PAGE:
Officials issue warning as toxic algae spreads in Utah Lake
Posted at 1:44 PM, Jun 25, 2018
and last updated 2018-06-27 00:09:39-04

UTAH LAKE -- The Department of Environmental Quality announced Monday a harmful cyanobacteria bloom in Provo Bay has spread to other parts of Utah Lake.

The public, their pets and livestock are warned to stay out of Provo Bay, Lincoln Marina, Sandy Beach and the Utah Lake State Park.

The warning comes after the DEQ took samples, which tested positive for levels of toxins that exceed the recommended safe levels.

“It is important for the public to be aware of the additional warnings on Utah Lake,” says Eric Edwards, Deputy Director of Utah County Health Department. “Utah Lake is a huge lake with some areas not currently affected. We would remind those recreating to be mindful of certain areas of the lake that have samples exceeding the recreational levels for toxins.”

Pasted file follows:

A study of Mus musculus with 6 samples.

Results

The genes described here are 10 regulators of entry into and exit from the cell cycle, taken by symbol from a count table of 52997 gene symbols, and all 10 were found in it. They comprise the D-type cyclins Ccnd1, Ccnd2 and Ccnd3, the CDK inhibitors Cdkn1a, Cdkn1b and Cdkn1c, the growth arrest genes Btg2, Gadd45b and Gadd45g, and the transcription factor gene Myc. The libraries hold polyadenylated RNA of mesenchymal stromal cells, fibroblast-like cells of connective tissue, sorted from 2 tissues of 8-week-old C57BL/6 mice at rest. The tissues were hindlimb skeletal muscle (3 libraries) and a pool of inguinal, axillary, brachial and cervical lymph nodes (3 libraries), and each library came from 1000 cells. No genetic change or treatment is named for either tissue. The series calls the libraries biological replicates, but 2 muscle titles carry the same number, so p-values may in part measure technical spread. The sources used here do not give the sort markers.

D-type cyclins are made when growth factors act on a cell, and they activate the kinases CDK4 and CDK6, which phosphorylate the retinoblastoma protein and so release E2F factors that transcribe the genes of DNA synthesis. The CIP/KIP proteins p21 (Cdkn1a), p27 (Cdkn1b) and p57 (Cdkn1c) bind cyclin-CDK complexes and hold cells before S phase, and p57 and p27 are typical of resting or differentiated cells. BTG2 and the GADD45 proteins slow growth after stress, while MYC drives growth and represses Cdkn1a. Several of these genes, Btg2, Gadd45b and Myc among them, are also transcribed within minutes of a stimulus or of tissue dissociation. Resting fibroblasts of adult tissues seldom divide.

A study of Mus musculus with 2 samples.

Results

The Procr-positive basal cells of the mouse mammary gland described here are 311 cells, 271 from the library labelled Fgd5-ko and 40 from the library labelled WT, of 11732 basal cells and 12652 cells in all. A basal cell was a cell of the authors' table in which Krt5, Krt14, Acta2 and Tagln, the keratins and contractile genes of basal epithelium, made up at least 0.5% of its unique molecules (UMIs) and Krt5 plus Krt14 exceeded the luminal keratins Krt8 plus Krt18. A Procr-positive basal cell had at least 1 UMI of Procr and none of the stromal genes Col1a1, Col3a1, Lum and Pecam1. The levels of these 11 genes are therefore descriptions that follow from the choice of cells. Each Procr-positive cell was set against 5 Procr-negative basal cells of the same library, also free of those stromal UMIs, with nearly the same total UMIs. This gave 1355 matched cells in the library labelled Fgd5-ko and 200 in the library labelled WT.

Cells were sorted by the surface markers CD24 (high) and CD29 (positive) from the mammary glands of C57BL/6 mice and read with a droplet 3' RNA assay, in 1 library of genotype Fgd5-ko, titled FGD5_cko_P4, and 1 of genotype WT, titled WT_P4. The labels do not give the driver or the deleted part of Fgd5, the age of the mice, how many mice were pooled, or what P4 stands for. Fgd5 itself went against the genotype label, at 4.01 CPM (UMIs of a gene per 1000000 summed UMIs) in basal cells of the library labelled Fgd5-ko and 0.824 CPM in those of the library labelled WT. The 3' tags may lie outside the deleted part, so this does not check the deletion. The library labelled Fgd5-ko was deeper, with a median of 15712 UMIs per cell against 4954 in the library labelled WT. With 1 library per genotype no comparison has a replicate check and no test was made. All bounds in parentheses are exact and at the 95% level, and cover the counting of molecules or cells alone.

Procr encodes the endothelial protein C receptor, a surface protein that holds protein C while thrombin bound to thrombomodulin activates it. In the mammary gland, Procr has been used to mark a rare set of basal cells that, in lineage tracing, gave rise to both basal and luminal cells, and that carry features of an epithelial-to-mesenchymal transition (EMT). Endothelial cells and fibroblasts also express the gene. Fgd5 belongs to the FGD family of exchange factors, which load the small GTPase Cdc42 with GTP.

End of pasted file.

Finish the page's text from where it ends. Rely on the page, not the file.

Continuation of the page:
Water quality crews will continue to collect samples and monitor the situation. Warning signs have been posted in the affected areas to warn the public about the presence of potentially harmful algal blooms.

Algal blooms are a natural part of many freshwater ecosystems, and they can grow rapidly and reach toxic levels under the right conditions, namely high levels of nutrients in the water combined with warm temperatures, abundant sunlight and calm water. The toxic blooms have been present at Utah Lake during summer months in recent years.

The blooms of blue-green algae pose risks to humans, wildlife and domestic animals.

“If they see areas of green water, scummy conditions, mats, just to avoid it.  And really, you don’t want to ingest it," said  Donna Kemp Spangler with the Utah Department of Environmental Quality. “You may experience some skin irritation, you can contact the Utah Poison Control and they can ask you some questions to find out where you’re at risk.”

"Symptoms of exposure include headache, fever, diarrhea, abdominal pain, nausea and vomiting, and sometimes allergic- like reactions from skin contact," the DEQ states. "For concerns about possible human exposure, call the Utah Poison Control Center at 800-222- 1222, or your physician."